Landlords are braced for cuts to their profits as the government’s mortgage interest tax relief changes are phased in from next week.
Originally announced in the 2015 Budget, the rules mean that when landlords file their tax returns for the 2017-18 tax year, the amount of mortgage interest they can offset against their tax bill will be reduced.
With this figure set to drop each tax year until it’s fully replaced by a tax credit for mortgage interest in 2020-21, investors could see thousands of pounds of potential profits wiped out.
What is mortgage interest tax relief?
Until April 2017, landlords could deduct all of their mortgage interest payments before calculating their tax bill, meaning they would be taxed on their profits rather than their overall turnover.
With the majority of landlords being on interest-only mortgages, this meant the savings on offer could be significant.
This is set to change, though. When investors file their returns for the 2017-18 tax year, due by 31 January 2019, they will only be able to claim tax relief on 75% of their mortgage interest. They will get a 20% tax credit on the rest of their mortgage interest payments.
In the following year, the relief will only be available on half of their interest, and they’ll get the 20% credit on the rest.
The short video below explains the basics of mortgage interest tax relief:
Mortgage interest tax relief changes explained
From the April 2020-2021 tax year, mortgage interest tax relief will be fully replaced by a tax credit limited to the basic rate of tax (20%).
For a higher-rate taxpayer, the tax credit is roughly half as generous. But it could be more punishing still, as it forces landlords to declare a higher income – which could push them into a higher tax bracket.
This threatens to wipe out profits for higher-rate taxpayers, and could mean some basic-rate taxpayers are pushed into the higher band.
The table below shows how landlords will need to claim tax relief on their mortgage costs as the new rules phase in:
|Tax year||Mortgage interest deductible under old system||Mortgage interest qualifying for 20% tax credit under new system|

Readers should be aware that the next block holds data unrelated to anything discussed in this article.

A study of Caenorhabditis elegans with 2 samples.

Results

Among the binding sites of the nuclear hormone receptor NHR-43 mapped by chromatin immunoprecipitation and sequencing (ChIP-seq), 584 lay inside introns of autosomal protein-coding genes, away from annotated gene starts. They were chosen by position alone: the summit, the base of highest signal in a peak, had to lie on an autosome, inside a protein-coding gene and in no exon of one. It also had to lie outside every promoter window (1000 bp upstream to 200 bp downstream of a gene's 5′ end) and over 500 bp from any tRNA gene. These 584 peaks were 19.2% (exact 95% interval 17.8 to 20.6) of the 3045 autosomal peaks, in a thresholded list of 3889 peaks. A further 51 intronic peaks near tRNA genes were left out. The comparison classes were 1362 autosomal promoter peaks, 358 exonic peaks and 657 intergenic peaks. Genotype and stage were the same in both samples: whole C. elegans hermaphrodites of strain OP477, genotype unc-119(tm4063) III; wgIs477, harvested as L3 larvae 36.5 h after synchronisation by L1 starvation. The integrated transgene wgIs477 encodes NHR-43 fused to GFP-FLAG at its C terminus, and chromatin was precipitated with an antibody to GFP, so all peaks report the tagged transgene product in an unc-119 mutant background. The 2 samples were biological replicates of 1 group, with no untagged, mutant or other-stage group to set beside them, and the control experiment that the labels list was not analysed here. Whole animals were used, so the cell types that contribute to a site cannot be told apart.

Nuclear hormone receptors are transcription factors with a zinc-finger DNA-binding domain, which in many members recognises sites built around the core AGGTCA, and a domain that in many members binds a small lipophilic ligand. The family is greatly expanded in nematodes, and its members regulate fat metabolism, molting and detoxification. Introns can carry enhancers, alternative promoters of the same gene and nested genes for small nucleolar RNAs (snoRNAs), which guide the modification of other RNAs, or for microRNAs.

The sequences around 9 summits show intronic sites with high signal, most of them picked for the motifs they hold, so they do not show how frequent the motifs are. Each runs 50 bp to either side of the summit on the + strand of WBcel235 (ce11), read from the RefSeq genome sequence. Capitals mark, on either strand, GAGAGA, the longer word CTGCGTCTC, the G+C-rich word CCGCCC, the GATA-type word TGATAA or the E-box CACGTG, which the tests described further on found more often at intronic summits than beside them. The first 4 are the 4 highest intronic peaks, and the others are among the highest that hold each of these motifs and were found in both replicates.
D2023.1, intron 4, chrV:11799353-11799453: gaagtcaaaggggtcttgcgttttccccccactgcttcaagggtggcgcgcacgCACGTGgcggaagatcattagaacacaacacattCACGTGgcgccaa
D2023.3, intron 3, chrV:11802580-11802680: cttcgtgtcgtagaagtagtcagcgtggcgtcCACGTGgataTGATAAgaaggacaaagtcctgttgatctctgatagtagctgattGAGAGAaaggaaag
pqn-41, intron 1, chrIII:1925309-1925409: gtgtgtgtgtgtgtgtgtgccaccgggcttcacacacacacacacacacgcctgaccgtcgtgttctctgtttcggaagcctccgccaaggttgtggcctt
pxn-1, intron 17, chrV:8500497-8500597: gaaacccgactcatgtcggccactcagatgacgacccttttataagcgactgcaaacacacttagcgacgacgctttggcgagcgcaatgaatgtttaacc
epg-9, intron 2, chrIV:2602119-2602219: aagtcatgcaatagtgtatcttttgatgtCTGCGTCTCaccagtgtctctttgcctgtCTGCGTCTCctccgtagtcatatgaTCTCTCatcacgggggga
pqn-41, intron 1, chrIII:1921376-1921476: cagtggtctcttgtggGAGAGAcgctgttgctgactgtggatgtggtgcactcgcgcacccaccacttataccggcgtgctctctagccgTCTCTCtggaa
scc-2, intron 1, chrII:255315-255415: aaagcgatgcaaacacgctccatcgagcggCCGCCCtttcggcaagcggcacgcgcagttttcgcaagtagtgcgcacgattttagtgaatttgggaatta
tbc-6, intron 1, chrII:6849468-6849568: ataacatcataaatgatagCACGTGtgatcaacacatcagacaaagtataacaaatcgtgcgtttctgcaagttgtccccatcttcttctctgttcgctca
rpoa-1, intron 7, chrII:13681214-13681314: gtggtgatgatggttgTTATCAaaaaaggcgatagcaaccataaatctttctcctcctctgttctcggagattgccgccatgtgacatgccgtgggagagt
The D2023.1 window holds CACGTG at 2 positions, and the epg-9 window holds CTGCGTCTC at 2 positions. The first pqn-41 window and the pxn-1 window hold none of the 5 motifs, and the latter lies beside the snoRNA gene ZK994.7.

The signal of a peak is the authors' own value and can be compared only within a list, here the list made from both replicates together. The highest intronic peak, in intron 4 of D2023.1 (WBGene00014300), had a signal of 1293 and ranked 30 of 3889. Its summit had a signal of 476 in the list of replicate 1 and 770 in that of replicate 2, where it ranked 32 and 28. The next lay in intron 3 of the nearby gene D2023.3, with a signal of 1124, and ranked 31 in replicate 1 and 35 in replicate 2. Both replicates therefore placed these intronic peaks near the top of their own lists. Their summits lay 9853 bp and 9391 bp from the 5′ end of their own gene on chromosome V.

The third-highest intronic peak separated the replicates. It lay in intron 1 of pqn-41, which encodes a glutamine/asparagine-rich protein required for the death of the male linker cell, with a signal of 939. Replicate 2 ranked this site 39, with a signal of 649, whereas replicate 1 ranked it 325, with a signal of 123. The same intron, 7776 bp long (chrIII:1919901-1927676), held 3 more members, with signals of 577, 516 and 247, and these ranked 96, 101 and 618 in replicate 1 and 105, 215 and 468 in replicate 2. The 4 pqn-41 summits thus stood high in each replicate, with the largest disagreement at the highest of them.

|2017-18 (filed by 31 Jan 2019)||75%||25%|
|2018-19 (filed by 31 Jan 2020)||50%||50%|
|2019-20 (filed by 31 Jan 2021)||25%||75%|
Mortgage interest tax relief changes for higher-rate taxpayers
The table below shows the extent to which landlords who are higher-rate taxpayers could be affected by the changes.
In this example, we take a landlord who receives £950 a month in rent and pays £600 a month towards their mortgage.
Before the 2017-18 tax year, this landlord would have made a profit of £2,520 a year, but as the tax credit is phased in, their taxes rise and their profits fall. By 2020-21, this profit will be reduced by nearly 60%, to just £1,080.
|Tax year||Tax bill||Profit|
|2017-18 (filed by 31 Jan 2019)||£2,040||£2,160|
|2018-19 (filed by 31 Jan 2020)||£2,400||£1,800|
|2019-20 (filed by 31 Jan 2021)||£2,760||£1,440|
Should landlords set up a limited company?
As they seek to counter taxation changes, some landlords have set up limited companies for their investment properties.
Indeed, the specialist broker Kent Reliance claims that 70% of buy-to-let mortgage applications in the first nine months of 2017 were made via limited companies, up from 45% in 2016.
While setting up a company will help you avoid tax relief changes, it’s certainly not the right move for everyone.
When we assessed the pros and cons of setting up a limited company last autumn, we found that for many landlords the potential tax savings were offset by significantly higher mortgage rates and the prospect of triggering additional stamp duty surcharges and capital gains tax bills.
Is investing in property still profitable?
For many investors, buy-to-let has become a less profitable business in the last few years, as government and Bank of England interventions on tax and lending have cooled the sector.
Research published by the Intermediary Mortgage Lenders Association showed that buy-to-let investment dropped by a remarkable 80% between 2015 and 2017, as investors decided against expanding their property portfolios.
And while it is still possible to make a return from property in 2018, there are some other changes you’ll need to be aware of, including:
- More expensive mortgages: the closure of the Funding for Lending and Term Funding schemes could push up mortgage rates, especially coupled with the prospect of an increase in the Bank of England base rate.
- Lending regulations: landlords who have four or more mortgaged properties now face tighter lending restrictions, and must provide details of each property in their portfolio when applying for finance.
- Energy efficiency changes: from tomorrow, privately rented properties will require a minimum EPC rating of E. If they fail to adhere, landlords could face cumulative fines of up to £5,000. This will initially only apply to new tenancies and renewals, before being extended to existing tenancies from 2020.
- Landlord licensing: at local level, a number of councils have brought in licensing schemes. Check out our story to see whether you need a licence to operate in your area.
You can find out more about the challenges facing landlords in our full story on 12 things buy-to-let landlords need to know in 2018.